Saturday, December 08, 2007

Friday Downstreams (Climate Chaos)

The weather is weird. With 15 days until Christmas we barely have snow on the ground and today was 6 degrees plus Celsius. Usually at this time of year we are touching on minus 10 and the snow is 30 centimeters deep. The weather (it makes me tired) along with lack of content and being busy (a pedagogy course this week plus numerous seminars, meetings, some teaching) has delayed and made this weeks downstream media a small offering. But there have been a few interesting pieces cross my path this weird week.

Sex Pistols / Madonna "Ray Of Gob" Mash Up
One of the best mash-ups I have every seen. Even Madonna likes it apparently.

Tune Square
Welcome to TuneSquare Beta 1.1 - The wide-open place for you to discover new and exciting music from great unsigned and independent acts.

Games and Civic Engagement: Podcast Now Available
The MIT Communications Forum and the Center for Future Civic Media recently hosted an event exploring video games and civic engagement, featuring NPR technology correspondent Mario Armstrong and Ian Bogost, assistant professor at Georgia Tech and author of Persuasive Games: The Expressive Power of Video games.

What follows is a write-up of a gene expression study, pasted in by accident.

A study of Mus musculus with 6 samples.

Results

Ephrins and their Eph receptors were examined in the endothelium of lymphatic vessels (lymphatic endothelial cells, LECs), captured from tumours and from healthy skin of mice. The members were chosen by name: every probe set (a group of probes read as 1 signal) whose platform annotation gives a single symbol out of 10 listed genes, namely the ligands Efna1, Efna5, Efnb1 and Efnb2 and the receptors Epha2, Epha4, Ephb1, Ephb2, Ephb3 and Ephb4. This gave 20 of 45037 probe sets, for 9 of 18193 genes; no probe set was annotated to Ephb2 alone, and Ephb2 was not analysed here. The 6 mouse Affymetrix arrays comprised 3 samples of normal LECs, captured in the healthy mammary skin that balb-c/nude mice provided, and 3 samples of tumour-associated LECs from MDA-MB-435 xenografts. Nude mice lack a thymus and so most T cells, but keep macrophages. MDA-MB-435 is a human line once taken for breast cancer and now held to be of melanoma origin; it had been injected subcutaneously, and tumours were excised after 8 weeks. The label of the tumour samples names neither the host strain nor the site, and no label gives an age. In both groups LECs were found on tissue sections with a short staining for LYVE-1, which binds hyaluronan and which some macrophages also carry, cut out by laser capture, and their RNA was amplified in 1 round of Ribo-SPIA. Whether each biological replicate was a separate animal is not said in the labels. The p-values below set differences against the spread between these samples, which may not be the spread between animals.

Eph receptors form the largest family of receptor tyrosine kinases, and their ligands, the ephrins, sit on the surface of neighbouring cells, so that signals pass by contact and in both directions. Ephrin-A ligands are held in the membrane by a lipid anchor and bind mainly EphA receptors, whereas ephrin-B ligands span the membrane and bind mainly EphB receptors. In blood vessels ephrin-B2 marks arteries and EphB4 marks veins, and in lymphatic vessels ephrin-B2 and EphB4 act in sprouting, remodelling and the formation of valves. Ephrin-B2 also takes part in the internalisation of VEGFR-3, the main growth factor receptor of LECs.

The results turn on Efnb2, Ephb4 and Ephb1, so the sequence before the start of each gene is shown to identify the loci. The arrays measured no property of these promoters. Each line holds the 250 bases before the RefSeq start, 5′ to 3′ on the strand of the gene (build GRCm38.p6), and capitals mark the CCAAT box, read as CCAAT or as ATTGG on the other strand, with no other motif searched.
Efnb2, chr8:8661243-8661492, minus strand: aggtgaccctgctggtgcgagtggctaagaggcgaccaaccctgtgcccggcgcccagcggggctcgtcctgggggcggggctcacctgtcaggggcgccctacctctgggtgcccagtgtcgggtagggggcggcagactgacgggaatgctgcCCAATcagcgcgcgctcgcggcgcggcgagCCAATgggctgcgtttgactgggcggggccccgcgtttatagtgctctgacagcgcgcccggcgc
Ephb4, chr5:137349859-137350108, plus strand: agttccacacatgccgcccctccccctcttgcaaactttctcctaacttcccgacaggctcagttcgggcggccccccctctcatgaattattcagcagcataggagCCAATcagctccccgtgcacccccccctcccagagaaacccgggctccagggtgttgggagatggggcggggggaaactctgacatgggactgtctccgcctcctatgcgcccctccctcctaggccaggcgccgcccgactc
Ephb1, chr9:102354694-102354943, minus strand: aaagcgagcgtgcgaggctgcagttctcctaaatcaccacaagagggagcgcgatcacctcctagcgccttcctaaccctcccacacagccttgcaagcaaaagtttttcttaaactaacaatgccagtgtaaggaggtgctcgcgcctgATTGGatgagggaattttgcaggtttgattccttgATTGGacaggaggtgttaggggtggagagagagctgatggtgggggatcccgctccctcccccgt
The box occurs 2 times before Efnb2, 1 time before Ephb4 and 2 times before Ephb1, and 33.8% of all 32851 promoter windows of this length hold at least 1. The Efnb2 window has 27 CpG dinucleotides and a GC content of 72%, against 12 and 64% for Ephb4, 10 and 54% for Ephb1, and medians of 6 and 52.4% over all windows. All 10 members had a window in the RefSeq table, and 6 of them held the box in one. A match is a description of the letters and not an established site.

Sjökexets mixar (Seabiscuit's Mixes)
Tobbe ”Sjökexet” Carlsson is a DJ and mash-up artist who works at Swedish national radio. They host his impressive collection of mash-ups and presumably pay the licensing for them. Must cost a bit....

Antipodean Underground
I have featured sites from AU before but this week I Googled the name and realised there was a forum as well as a blog. If you are at all interested in less commercial music from the furthest reaches of earth then this site it worth a look. Lots of downloads from the grimy backwoods of Oz and kiwi land.

The Great Plague
Documentary examining the Great Plague of 1665, one of the darkest moments in Britain's history, when over one-fifth of London's population of 500,000 perished in a matter of months. Much is known of the disaster from the perspective of the largely well-to-do contemporary chroniclers, but this film tells the story from the perspective of the poor through the account of a local councillor who lived a stone's throw from Fleet Street. Shown as part of the Plague, Fire, War and Treason: A Century of Troubles season.

In the programme, Dr Champion charts what happened in the months of the Great Plague of 1665, linking film sequences that dramatise life in one London street, Cock & Key Alley, within the City walls. During that time, the authorities virtually abandoned London. The Privy Council fled to the provinces and issued orders from a safe distance. Around 100,000 people died of the 'plague' across the City and suburbs. The parishes, which were responsible for the day-to-day running of London, were left to keep order and provide what care and protection they could. Neighbours in the alley took on new roles as the parish paid them to enforce plague orders. The widow Rebecca Andrews fell sick and was shut into her house along with the orphan she cared for. The blacksmith fitted the locks and another neighbour stood on guard outside. When the gravedigger was infected, his family were shut in with him, but later his son was released to carry on the family trade of burying the dead.